SHI awarded grant to fund academies 101712 NEWS 1 Community Engagement Educator Association of Alaska School Boards Sealaska Heritage Institute has received a federal grant to fund leadership academies in communities throughout Southeast Alaska.
Wednesday, October 17, 2012

Story last updated at 10/17/2012 - 1:57 pm

SHI awarded grant to fund academies

Sealaska Heritage Institute has received a federal grant to fund leadership academies in communities throughout Southeast Alaska.

The $825,660 grant from the Administration for Native Americans will allow SHI to operate leadership academies over three years for tribal students in high school. The program is designed to increase high school graduation rates while encouraging and preparing participants to pursue high education opportunities, said SHI President Rosita Worl.

SHI will hold two-week academies in Klukwan, Angoon, Klawock, and Juneau. Through the program, Native youth in urban areas will become more involved with cultural activities and Native youth in rural areas will gain life skills needed to go to college. They will also be mentored to complete high school and pursue post-secondary educational and training opportunities.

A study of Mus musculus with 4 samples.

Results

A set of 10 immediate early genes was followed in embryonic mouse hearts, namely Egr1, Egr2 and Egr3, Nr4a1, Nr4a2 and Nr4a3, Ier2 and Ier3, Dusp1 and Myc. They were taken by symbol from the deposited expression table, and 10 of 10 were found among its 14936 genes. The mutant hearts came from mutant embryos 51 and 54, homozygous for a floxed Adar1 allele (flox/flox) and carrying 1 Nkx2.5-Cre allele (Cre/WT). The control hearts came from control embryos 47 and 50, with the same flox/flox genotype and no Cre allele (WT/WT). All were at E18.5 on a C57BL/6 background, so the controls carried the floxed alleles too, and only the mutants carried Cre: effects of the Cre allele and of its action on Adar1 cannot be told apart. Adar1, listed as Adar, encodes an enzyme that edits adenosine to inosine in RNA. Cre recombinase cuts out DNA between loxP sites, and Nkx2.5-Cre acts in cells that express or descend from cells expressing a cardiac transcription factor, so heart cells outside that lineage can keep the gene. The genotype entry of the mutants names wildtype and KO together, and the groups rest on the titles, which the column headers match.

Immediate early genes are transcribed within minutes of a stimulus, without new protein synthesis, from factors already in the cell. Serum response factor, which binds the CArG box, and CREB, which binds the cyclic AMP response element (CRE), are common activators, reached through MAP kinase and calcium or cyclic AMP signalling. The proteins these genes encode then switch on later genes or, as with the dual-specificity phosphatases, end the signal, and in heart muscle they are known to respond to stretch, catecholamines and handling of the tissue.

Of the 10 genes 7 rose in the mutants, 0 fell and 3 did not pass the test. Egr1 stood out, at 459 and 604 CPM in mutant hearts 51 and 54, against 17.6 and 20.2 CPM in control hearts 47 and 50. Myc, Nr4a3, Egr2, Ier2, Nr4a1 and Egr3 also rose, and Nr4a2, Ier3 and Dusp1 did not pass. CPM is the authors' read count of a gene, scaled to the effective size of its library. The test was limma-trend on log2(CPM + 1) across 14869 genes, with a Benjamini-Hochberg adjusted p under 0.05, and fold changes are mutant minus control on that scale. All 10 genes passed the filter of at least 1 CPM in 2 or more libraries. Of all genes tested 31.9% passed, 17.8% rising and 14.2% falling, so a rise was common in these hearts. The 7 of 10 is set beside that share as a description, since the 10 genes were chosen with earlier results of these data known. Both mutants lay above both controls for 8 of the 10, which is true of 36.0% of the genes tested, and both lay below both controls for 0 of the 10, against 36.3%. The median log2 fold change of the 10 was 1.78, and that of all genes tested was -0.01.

The participants also will form a Regional Leadership Youth Council to create, adopt and present to the Alaska State Legislature an action plan addressing the factors that prevent youth from completing high school and pursuing post-secondary educational opportunities.

The institute developed the program with input from 70 participants of a workshop sponsored by SHI in 2008. Those participants included language teachers, Elders and youth from across the region. The participants concluded that most small communities retain high levels of cultural traditions and community engagement while in urban communities, these resources are less plentiful, which leads to detachment in school and from the community.

Conversely, youth in rural communities don't possess the experience or resources necessary to prepare for attending college and/or vocational training in urban settings.

Sealaska Heritage Institute was founded in 1980 to promote cultural diversity and cross-cultural understanding. The institute is governed by a Board of Trustees and guided by a Council of Traditional Scholars. Its mission is to perpetuate and enhance Tlingit, Haida, and Tsimshian cultures of Southeast Alaska.